February 14th isn’t just Valentine’s Day, it’s also National Donor Day! Originally designated in 1998 by the U.S. Department of Health and Human Services, the Saturn Corporation and its United Auto Workers, this day aims to raise awareness for organ, eye, tissue, marrow, platelet and blood donation. Here are some important facts about organ and blood donation:
Now that you know the facts, you may be wondering if you qualify as a donor. Luckily, there are very few factors that would impact your eligibility as a donor. Basically, anyone over the age of 18 can be registered as a donor regardless of age, race or medical history. Additionally, a healthy person can become a 'living donor' by donating a kidney, or a part of the liver, lung, intestine, blood or bone marrow. At death, a qualified health professional will assess the viability of the organs and decide whether they are suitable for a transplant.
In order to donate blood, you must be 17 and over, however some states allow you to donate at 16 with parental consent. Additionally, you must weigh at least 110 pounds and be in good health. Once you arrive at a blood donation center or hospital, you will be asked to fill out a registration and detail your medical history while also providing proper identification. You will receive a mini-physical before donating blood.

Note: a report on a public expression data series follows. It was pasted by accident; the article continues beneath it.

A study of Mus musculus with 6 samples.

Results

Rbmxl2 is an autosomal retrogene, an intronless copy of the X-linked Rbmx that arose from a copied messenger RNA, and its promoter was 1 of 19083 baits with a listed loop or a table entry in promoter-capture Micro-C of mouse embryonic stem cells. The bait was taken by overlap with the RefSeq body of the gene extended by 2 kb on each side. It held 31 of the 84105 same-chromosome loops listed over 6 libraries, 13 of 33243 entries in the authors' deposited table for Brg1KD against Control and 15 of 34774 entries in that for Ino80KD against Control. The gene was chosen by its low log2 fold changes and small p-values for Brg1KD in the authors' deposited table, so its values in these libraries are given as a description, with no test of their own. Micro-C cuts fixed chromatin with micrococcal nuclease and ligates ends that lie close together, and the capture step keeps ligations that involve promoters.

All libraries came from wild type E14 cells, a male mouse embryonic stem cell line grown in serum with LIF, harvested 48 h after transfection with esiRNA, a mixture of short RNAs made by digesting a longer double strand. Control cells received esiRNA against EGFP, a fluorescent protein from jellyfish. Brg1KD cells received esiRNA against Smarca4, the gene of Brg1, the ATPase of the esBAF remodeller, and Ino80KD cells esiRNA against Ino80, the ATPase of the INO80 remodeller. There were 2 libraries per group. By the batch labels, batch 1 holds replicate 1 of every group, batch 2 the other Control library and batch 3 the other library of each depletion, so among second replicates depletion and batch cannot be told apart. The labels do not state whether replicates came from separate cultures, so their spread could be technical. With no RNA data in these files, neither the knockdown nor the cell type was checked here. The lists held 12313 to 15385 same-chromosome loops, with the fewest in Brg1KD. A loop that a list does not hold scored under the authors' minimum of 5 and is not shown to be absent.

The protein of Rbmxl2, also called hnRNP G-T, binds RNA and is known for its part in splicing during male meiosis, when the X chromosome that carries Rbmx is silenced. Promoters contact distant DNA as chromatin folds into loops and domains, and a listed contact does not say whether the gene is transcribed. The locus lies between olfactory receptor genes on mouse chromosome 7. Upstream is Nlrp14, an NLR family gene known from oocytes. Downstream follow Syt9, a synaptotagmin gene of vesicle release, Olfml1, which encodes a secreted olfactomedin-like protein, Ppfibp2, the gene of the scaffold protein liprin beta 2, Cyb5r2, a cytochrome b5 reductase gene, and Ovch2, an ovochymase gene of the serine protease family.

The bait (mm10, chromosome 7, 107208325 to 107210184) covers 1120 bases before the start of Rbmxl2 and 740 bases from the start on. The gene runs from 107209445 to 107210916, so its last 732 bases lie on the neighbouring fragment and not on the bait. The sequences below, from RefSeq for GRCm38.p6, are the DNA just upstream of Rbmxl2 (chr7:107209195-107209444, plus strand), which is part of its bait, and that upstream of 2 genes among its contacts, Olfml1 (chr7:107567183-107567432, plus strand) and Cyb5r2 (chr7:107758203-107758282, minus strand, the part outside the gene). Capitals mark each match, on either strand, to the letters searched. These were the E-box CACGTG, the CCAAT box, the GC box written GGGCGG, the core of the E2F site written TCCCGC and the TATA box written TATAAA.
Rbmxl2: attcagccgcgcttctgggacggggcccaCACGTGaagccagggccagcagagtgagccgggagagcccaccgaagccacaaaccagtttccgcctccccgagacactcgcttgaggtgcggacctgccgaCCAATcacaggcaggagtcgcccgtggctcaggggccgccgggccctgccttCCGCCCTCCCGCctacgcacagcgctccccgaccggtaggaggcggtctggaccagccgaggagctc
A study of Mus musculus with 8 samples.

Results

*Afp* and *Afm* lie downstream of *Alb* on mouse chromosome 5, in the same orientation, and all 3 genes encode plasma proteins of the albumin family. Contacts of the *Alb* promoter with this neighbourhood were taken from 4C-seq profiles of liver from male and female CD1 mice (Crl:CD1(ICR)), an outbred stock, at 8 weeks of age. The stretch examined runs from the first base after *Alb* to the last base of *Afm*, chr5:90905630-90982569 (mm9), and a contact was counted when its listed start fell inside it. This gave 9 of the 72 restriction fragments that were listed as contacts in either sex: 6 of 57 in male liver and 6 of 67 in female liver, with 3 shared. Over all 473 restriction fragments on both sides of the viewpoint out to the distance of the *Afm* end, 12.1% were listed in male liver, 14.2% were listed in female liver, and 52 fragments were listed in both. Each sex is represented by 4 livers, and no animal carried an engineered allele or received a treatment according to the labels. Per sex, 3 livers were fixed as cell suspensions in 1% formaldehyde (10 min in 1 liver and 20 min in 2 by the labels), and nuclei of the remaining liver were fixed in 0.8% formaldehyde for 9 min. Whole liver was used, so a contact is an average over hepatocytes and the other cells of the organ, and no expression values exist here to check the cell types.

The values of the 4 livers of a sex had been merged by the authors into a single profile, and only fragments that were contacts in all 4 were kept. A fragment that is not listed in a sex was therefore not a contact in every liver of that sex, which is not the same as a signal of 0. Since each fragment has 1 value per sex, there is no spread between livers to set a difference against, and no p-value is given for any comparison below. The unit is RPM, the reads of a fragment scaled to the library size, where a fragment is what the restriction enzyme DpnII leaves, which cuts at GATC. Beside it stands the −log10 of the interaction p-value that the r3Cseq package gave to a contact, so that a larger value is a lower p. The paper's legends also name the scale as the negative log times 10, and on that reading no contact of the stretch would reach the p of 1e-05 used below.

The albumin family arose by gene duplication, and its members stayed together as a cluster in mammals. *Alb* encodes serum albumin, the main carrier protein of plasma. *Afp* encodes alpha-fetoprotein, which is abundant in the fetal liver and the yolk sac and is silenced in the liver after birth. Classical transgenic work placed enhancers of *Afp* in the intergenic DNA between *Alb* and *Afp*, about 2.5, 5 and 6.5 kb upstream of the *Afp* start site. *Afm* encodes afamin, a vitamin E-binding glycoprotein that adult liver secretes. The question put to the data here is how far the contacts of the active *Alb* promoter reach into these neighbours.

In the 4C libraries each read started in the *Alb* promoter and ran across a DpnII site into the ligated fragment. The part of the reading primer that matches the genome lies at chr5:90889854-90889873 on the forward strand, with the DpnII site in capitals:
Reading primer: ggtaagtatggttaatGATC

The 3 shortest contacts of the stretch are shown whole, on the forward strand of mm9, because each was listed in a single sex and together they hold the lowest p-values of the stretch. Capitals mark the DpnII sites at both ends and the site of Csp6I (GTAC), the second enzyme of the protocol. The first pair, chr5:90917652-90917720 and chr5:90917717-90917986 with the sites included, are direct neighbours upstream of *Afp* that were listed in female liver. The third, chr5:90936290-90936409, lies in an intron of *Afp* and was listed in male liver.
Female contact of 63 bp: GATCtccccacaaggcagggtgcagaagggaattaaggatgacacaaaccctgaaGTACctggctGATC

Once you find out if you’re qualified, the process of becoming a donor couldn’t be easier. If you already have your driver’s license or about to renew, you can fill out an organ donor card that shows you're agreeing to donate all or some of your organs if you die. You can also register with your state's donor registry at OrganDonor.gov. For blood donations, go to the American Red Cross website and find your local blood donation center. Make a new appointment or manage an existing appointment. You can also find out the different types of blood donations, like whole blood, platelet, plasma, and power red and what is most needed on that day.
Why is it important to be a donor?
Organ and blood donations save lives. Even though 156 million people in the U.S. are registered as donors, each day an estimated 20 people die waiting for a life-saving organ transplant. There is simply no replacement for blood or organ tissue, which makes donors even more important. Additionally, there is no cost to a donor’s family for donating organs and tissues. While we admit it is an uncomfortable subject to think about, thinking becoming an organ donor is as important as making a will. Have a sit-down with your family to discuss your options to be better prepared for the future.
For action, you can take right now this Valentine’s Day, consider donating blood. The whole process takes about 30 minutes, which means you could donate blood on your lunch break! Blood donations save people who have suffered trauma, cancer patients, patients with chronic diseases, and more. If you’re wary of needles, go with a family or friend to support you through the process. Give a lot more than chocolate or flowers this holiday by donating the gift of life. What’s better than that?